Special Education Classroom Gets Needed Supplies

Longtime friends of Roots Ethiopia, The Rikkers Family, with the help of another family,  held an online fundraiser to support teacher training requested and hoped for by the special education classroom teachers in one of our community schools. 

“It was our family’s good fortune that the teachers in Ethiopia had been designing and building a wish list for their classroom, including teacher training for students with autism, Down Syndrome, and other special needs. We were ready to lend a helping hand with a fundraiser, and help supply and deliver the toys and games for the students.”  — Jeni Rikkers

This article discusses how the special needs project in Ethiopia started.


It’s unusual for Roots to bring materials in from outside of the country because we are committed to sourcing labor and materials locally. This was a unique case because of the difficulty finding local items. Roots Ethiopia’s team, the teachers at Haile Bubamo, and a special education consultant crafted a “wish list” on Amazon. The project was off and running. 

“Our family used social media and email to share our effort to outfit this classroom with these specific hands-on classroom toys. The call to action was sent and within days the boxes arrived at our doorstep.  Oh, so many boxes from people all across the country!!!  Boxes were filled with goodness, such as sensory toys, puzzles, balances pods, Magnatiles, fidget toys, and blocks.  Toys for large and small motor skills, to learn counting, colors, and letters.  As we opened each box we could feel they were filled with…. hope!” –Rikkers Family

Students Enjoy Toys, Games & Puzzles

The delivery of these fantastic learning resources made students and teachers inside of the cheerful blue walls of the classroom jump in delight! Volleyballs and soccer balls were pumped up; Magnatiles were assembled into colorful structures; balance pods were laid out on the floor; fidget spinners were distributed, and blocks were fashioned into “mekina” (cars). No common language was needed to understand how to experiment with these colorful items.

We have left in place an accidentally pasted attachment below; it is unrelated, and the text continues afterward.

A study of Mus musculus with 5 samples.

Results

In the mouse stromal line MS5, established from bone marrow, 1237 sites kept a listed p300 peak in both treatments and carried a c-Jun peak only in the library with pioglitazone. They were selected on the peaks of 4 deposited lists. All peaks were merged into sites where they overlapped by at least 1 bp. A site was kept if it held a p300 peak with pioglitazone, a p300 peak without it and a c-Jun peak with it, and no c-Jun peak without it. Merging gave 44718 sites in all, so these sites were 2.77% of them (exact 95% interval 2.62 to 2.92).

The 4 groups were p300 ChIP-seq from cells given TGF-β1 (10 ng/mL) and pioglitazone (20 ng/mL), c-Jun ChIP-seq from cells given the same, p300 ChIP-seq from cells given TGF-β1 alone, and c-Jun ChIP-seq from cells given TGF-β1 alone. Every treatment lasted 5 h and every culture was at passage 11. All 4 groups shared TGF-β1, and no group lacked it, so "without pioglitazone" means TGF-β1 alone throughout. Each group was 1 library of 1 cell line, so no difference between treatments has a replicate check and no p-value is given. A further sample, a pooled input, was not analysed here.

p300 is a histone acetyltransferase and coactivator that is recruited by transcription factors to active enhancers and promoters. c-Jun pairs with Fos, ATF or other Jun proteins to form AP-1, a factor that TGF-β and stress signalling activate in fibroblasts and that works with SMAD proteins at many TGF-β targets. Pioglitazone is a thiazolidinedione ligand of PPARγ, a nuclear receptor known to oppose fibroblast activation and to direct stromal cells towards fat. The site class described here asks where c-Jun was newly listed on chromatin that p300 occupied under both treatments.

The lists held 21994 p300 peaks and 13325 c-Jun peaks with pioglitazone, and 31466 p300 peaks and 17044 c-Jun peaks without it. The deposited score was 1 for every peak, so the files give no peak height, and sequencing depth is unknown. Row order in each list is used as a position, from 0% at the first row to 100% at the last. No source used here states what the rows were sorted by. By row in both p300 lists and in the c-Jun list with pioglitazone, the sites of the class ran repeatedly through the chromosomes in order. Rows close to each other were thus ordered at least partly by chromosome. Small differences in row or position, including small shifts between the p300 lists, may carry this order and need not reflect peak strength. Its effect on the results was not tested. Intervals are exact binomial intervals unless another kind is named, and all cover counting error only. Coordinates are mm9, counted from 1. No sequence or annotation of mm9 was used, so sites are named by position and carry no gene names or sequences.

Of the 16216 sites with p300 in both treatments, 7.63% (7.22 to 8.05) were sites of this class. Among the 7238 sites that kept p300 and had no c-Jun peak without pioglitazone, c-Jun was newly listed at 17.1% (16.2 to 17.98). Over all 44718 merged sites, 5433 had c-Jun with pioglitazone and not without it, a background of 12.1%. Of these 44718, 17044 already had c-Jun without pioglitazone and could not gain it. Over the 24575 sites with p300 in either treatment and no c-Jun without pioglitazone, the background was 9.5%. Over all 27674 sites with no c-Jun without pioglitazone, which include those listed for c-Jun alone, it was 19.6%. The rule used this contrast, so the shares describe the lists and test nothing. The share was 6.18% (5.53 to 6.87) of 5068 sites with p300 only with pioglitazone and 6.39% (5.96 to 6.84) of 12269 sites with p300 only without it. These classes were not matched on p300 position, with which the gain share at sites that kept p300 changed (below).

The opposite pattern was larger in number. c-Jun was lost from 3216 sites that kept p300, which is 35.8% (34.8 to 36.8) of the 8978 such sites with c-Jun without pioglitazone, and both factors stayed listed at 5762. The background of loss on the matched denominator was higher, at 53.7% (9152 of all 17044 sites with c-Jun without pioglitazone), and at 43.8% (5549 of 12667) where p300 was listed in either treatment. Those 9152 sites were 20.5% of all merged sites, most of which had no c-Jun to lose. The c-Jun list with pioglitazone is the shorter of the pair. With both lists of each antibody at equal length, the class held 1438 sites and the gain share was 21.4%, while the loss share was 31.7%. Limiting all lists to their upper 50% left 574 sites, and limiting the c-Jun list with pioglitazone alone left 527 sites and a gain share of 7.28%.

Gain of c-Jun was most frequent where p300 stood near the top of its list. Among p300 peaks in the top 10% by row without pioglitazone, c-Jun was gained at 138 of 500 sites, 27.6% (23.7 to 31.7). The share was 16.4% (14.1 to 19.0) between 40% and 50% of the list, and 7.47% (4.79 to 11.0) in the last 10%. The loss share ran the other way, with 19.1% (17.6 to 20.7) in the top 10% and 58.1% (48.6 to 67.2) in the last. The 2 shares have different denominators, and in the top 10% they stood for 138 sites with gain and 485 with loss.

Teachers Enjoy School Supplies, Too!

Jeni received some basic training during the months prior to travel so that she could demonstrate the use of many of the items for the teachers. Each toy was a source of inspiration for working with students. Blocks, games, and puzzles were discovered with laughter, fun, and learning.  For example, the teachers loved how the game Twister is used to identify colors, simple instructions, and identifying right and left.  The room full of children and adults alike were exploring, laughing and playing!

Now, these teachers can “pass on their knowledge” and new experiences to other teachers who serve children with special education needs in other schools!

“After all the pieces of luggage were emptied, we shared an Ethiopian coffee ceremony and ate himbasha bread together.   We took the pumped up soccer and volleyballs into the courtyard and realized, again, that language is not needed to connect.  A ball, a sense of play, and a desire to be together are all that is ever needed.” –Jeni Rikkers

Roots Ethiopia’s Community Identified Work Is Changing Perceptions of Special Needs Children

This classroom is, in fact, very special, and now has superb learning tools contributed by so many loving people across the world! What’s more —- THIS WEEK the teachers and their vice principal are in Addis Ababa to receive special education training. The teachers asked for this opportunity, and with the help of Roots Ethiopia and another generous family, the teachers are growing their toolkit for these precious students in Hosanna.

Many thanks to the Rikkers Family and the other generous families who helped to make this unique and special delivery possible!

Donate to the Roots Ethiopia General Fund to support increased community-led work in Ethiopia.


If you found this story inspirational, please SHARE it with others who have a passion for lessening the stigma of special education throughout the world!